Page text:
I had Tom Standage’s book, A History of the World in 6 Glasses, of books to get to this year. A finally bought it about a month ago and it did not disappoint.
First of all, it isn’t a history of each individual beverage, though there is plenty of that, but a history of the world (as the title indicates) viewed through the lens of what (and why) people were drinking at the time. The drinks and the times they represent are:
Beer – probably the oldest known drink, popular in Mesopotamia and Egypt. Likely made/discovered by accident, at some unknown time far in the distant past. One of the main benefits it had on society was that you must boil water to make it. This had the affect of water purification and a decrease in waterborne illness. Interesting notes about how it was used as currency and given as rations to soldiers and slaves.
Wine – Our next step in history (Western, at least) is to move north to Greece and then Rome. Wine was viewed as the sophisticated drink and being a wine civilized, educated and wealthy (the more things change…). The sections about the drinking parties are fascinating, with all the ritual and impact on democracy they had. Tangentially related, I grew up in a church that served grape juice for the Lord’s Supper. People would argue that we should have wine, as Jesus turned water into wine, etc. but the common retort was well, wine was weaker then. Turns out, this is actually kind of true. It was made the same as today, but watered down. It was considered crass to drink wine straight. Who knew? I assumed they were just pulling something out of their asses, on the other hand, they could have just watered it down, but I digress.
Spirits- specifically whisky and rum, my personal favorites, though there is also gin and brandy that play a major role. This is the era of exploration and colonization. Beer & wine were expensive to ship and didn’t always keep on the voyage across the Atlantic. Distilled spirits would, and quickly replaced beer as the rations for soldiers. Incidentally, to flavor the harsh drinks, they’d add lime juice, which would help prevent scurvy. He also goes into detail about the triangle of slave trade where slaves would be taken to the islands where they’d be traded for sugar, sugar was then taken to Boston to produce rum, the rum was then traded to Africans for more slaves. And of course, the Whisky Rebellion – the first major attempt to raises taxes in America and one of the first violent threat from within, all due to homemade whisky.
Coffee – The age of reason and the enlightenment. This was definitely my favorite chapter. If you are not familiar with the impact that coffee had on the move to the industrial revolution, the book is worth the cost for this chapter alone. Basically, we’d all walk around half drunk all day. People often had beer (weak, but still) for breakfast because it was safer than water. Your precision in operating machinery or your output at a factory is greatly diminished when you’ve been drinking. Once you are caffeinated, however, then you are alert, focused, and ready to go. Also, the interesting impact on enlightenment and revolutions, as discussion moved from pubs and taverns to coffee houses.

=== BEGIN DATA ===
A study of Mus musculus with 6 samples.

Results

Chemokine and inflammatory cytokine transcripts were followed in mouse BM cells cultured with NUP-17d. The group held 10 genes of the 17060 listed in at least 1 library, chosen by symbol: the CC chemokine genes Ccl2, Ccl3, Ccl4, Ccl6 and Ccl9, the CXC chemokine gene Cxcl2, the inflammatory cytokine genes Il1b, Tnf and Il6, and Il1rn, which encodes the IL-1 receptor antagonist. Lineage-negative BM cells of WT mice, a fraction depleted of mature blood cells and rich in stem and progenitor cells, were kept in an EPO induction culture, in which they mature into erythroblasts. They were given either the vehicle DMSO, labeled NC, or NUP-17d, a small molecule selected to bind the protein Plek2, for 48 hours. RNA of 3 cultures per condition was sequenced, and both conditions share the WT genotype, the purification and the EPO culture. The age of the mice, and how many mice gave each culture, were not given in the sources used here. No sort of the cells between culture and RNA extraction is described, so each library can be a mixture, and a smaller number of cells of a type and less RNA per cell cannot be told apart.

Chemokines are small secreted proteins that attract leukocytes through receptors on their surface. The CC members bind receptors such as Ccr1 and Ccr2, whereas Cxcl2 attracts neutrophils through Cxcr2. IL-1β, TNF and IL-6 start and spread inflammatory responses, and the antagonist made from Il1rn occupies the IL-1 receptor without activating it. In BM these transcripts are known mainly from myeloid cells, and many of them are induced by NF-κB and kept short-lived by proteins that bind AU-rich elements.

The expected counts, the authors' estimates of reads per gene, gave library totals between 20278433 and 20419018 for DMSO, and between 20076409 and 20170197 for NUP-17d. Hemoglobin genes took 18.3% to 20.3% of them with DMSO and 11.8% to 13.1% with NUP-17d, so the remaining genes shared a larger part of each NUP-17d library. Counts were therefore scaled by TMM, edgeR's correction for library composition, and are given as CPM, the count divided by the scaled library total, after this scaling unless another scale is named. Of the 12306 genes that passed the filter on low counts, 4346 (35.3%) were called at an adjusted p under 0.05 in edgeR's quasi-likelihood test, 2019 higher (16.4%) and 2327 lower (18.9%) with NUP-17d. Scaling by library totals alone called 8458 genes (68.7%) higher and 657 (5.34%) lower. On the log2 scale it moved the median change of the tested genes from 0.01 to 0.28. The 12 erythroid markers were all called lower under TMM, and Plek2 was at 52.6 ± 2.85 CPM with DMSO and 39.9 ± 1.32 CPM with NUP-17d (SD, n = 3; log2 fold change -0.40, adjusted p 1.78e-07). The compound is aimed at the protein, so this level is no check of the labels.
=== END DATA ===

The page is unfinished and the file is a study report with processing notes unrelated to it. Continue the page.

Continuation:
Tea – Mostly focused on the British empire, there is still a cool history behind tea in the East that he dives in to. Some of the more interesting things to come out of this history is the impact of people working out of Tea Shops. People would often use the place for meetings and have mail sent there. Because the shops were located near places of work, there would often be a certain industry focus. Proprietors would put shipping information or stock prices on boards. Manuscripts were circulated and critiqued. Lloyd’s of London and the London Stock Exchange both started as or at tea shops. Twining’s, The Wife’s favorite, started almost 400 years ago and may be the oldest official logo still in use. Speaking of women, unlike coffee shops, they were allowed in tea shops which had some interesting impacts, such as the little boxes, sometimes with locks, that teas are still kept in today.
Coco-Cola – or Coke here in the South. This chapter follows the rise of America and The American Century; also ‘Murica, to a lesser extent. The history is kind of crazy, to think about the number of people running around selling random drinks that are dangerous for you, even though they make wild health benefit claims. Then again, this is still happening, and is completely unregulated,(so, again, the more things change…). Overall fairly interesting, but probably more known by most people (at least Americans) but some great and funny anecdotes. Such as the Russian general who couldn’t been seen drinking Coke, even though he loved it, because it was associated with capitalism. So, Coke hooks him up and make clear Coke, puts it in a different bottle to look like vodka and sends it to him. Interesting stuff about Coke embodying capitalist ideals to many communist countries.
Overall, definitely worth picking up somewhere. Very well written and interesting book, especially if you are a big history nerd.